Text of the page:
Expat Voice: Slice of India
Antonio Scirocco and his family left their lavish lifestyle in Italy to settle down in Auroville.
Antonio Scirocco moved to India with his family in 2008, in search of a new lifestyle. The 39-year-old Italian entrepreneur, who has been living at Auroville near Puducherry for about 9 years, makes original brick pizza ovens for restaurants all over India. He talked to Little India about all that flavors his life in the country.
Break from Monotony
I and my family liked the concept of Auroville when we first traveled to India in 2003. The life back in Milan got a little boring, so we decided to move to India. But moving to India wasn’t easy at all.
India is very diverse in terms of its cities, people, and everything else. When you go to North India, you see a different culture altogether but down South, the people, the food, the culture is almost the opposite, like traveling to another country. Each part of India has its own beauty, which is something that cannot be found in any other part of the world.
I have always found the people here very welcoming, friendly and helpful. There’s a sense of simplicity among Indians, which I really like.
A Big Change
It was a mess in the beginning, since we moved from a colder climate to a very hot, tropical and humid one. Local food didn’t really help either cause we happened to be in South India, where the spices are known to be the best.
Also, nine years back in Auroville, there were no shops that catered to our daily needs. I had to travel all the way to Puducherry to buy grocery items and electronic goods.
It took us about two to three years to adjust to the country. We also struggled to communicate with people since we weren’t fluent in English back then.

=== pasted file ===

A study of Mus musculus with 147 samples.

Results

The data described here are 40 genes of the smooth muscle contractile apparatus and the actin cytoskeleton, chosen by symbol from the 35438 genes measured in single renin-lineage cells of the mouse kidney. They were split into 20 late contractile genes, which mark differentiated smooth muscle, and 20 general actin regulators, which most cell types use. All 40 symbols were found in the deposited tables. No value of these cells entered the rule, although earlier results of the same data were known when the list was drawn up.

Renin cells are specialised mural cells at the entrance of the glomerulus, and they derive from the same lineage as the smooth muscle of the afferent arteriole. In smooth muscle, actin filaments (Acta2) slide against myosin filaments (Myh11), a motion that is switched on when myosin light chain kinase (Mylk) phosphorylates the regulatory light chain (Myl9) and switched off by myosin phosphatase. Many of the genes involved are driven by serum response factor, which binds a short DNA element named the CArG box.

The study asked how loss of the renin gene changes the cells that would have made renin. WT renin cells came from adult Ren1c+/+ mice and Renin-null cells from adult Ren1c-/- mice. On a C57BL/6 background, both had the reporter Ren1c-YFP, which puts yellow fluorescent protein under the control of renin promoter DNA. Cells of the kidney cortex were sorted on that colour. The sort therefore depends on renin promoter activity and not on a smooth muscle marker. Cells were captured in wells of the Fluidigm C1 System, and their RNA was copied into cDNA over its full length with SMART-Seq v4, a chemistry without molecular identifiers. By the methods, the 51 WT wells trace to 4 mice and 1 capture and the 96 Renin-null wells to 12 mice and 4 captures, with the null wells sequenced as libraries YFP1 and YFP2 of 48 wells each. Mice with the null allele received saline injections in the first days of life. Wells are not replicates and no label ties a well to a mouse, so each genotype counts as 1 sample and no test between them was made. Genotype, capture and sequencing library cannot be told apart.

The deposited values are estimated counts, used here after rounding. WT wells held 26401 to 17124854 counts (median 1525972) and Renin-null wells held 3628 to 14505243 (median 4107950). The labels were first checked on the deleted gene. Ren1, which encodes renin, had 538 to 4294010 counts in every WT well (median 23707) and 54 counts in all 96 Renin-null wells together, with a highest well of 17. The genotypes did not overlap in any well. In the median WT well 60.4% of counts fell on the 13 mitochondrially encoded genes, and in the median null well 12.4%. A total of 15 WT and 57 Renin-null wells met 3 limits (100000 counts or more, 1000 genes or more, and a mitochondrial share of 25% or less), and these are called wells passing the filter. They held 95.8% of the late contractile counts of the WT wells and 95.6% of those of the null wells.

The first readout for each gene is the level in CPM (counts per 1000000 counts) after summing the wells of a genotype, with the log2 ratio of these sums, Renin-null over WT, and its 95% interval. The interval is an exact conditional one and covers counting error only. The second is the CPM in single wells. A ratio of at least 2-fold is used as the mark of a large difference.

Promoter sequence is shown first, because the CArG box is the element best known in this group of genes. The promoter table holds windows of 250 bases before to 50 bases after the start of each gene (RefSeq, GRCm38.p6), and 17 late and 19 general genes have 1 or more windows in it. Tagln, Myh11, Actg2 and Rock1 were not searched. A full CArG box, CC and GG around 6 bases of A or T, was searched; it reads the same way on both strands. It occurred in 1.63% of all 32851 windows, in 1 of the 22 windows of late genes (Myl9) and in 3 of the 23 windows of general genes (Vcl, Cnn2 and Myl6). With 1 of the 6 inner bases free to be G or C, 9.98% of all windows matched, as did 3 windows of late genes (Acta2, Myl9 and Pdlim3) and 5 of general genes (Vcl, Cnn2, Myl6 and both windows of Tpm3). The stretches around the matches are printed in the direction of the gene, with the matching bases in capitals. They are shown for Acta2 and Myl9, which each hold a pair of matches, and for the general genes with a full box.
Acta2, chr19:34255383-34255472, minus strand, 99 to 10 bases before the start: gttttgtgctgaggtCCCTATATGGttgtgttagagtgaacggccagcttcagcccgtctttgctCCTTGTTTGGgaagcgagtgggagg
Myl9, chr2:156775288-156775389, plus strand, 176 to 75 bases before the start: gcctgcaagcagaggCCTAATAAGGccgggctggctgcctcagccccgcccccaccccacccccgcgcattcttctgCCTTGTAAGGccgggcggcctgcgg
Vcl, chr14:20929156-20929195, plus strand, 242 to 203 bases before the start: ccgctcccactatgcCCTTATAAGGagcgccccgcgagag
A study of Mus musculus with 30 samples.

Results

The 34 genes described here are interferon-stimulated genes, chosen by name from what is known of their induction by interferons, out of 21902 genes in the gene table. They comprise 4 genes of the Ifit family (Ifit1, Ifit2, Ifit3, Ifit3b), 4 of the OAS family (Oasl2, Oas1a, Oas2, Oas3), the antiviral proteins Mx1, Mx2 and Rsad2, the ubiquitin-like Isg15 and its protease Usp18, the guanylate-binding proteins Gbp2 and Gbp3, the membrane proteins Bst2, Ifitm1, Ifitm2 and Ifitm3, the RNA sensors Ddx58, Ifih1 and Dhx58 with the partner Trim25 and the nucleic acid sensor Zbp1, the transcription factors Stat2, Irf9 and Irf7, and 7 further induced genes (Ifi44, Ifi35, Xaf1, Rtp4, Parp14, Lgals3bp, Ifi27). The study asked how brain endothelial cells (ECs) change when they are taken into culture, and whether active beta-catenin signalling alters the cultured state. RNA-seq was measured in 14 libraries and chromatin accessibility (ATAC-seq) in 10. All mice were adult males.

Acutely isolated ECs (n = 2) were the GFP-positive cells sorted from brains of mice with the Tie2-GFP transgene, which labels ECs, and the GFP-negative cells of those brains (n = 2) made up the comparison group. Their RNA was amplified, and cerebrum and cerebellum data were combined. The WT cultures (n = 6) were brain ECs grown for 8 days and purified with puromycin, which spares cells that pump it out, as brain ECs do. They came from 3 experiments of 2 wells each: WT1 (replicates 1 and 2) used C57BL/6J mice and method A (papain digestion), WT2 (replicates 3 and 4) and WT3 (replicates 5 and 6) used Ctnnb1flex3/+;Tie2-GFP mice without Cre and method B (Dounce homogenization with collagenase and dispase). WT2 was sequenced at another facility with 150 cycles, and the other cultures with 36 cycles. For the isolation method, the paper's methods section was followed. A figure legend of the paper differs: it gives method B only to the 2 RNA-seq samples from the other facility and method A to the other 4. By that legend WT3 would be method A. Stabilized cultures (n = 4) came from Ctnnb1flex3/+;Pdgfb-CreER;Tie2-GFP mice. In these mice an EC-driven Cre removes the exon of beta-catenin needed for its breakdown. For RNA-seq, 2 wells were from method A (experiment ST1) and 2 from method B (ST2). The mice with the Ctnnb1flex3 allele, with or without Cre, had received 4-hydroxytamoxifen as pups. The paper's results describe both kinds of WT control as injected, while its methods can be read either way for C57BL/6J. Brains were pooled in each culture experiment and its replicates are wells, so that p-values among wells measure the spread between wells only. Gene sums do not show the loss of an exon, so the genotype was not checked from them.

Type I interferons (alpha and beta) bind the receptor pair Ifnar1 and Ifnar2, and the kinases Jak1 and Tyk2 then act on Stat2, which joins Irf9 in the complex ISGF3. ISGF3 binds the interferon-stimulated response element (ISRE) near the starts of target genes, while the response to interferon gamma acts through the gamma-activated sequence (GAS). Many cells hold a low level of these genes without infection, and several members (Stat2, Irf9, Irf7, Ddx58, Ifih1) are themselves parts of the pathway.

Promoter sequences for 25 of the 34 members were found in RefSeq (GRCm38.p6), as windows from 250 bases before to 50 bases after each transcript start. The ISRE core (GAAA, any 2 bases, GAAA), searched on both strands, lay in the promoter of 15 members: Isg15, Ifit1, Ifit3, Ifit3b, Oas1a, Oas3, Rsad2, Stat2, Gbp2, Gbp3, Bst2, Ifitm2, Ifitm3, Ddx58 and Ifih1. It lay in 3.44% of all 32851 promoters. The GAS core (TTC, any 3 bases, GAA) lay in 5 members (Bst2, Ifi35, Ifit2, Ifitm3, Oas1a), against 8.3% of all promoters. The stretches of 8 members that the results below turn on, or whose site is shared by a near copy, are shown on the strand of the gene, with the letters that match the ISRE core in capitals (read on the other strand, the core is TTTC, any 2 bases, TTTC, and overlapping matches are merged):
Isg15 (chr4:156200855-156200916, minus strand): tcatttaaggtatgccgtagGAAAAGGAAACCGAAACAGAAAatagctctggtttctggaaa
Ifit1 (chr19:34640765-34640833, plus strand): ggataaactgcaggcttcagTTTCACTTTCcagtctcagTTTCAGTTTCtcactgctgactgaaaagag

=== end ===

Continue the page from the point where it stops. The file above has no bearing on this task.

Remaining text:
Almost a Decade in Auroville
When we first moved here, there were fewer people living around us. There were only three or four families who had television sets in the locality, but now you can find a television in almost every house with a dish antenna on top.
There were no shops around, only the lush green forest, and the tiny houses. But now it’s like a full-grown community, with people from 47 countries living here. We also have a very large Italian community, with about 130 Italians settled here.
Staying in Auroville has helped us connect with many people and to move ahead with my company, Il Pizzaiolo. We wanted to meet new people from different countries, backgrounds, and cultures. So we have made some good friends from Korea, Belgium, China and other countries who have also been living here for several years. Now, we rarely miss Italy except for the food and the wine. We are happily settled here.
We had quite a lavishing life in Italy, where I and my wife had well-paying jobs and a beautiful house of our own. But we still decided to live in another country for a change in our lifestyles.
Staying in a calm rural area was something that we chose to do. There’s no point in my life when I would want to move to any metropolitan city.
Challenges on the Way
Dealing with the conservative mindset of people was one of the biggest challenges in the beginning. Later I realized that it is not just a mindset but a common factor that you can find in any rural heartland in the world.
My family comes from a small village in Sicily, and after coming here I discovered the same kind of people that I encountered there.
Also, because the people are very friendly and caring, they cannot say ‘No’, and end up giving you false hope sometimes. This is disappointing for someone like me who comes from a country where people are very upfront.
What Sets India Apart
The people here can be quite welcoming as well as spontaneous. This is a great combination for an adventurous and a simple life.
The interview has been condensed and edited.
Expat Voice is regular column on expats in India. Email us at firstname.lastname@example.org to nominate yourself or another expat for the column.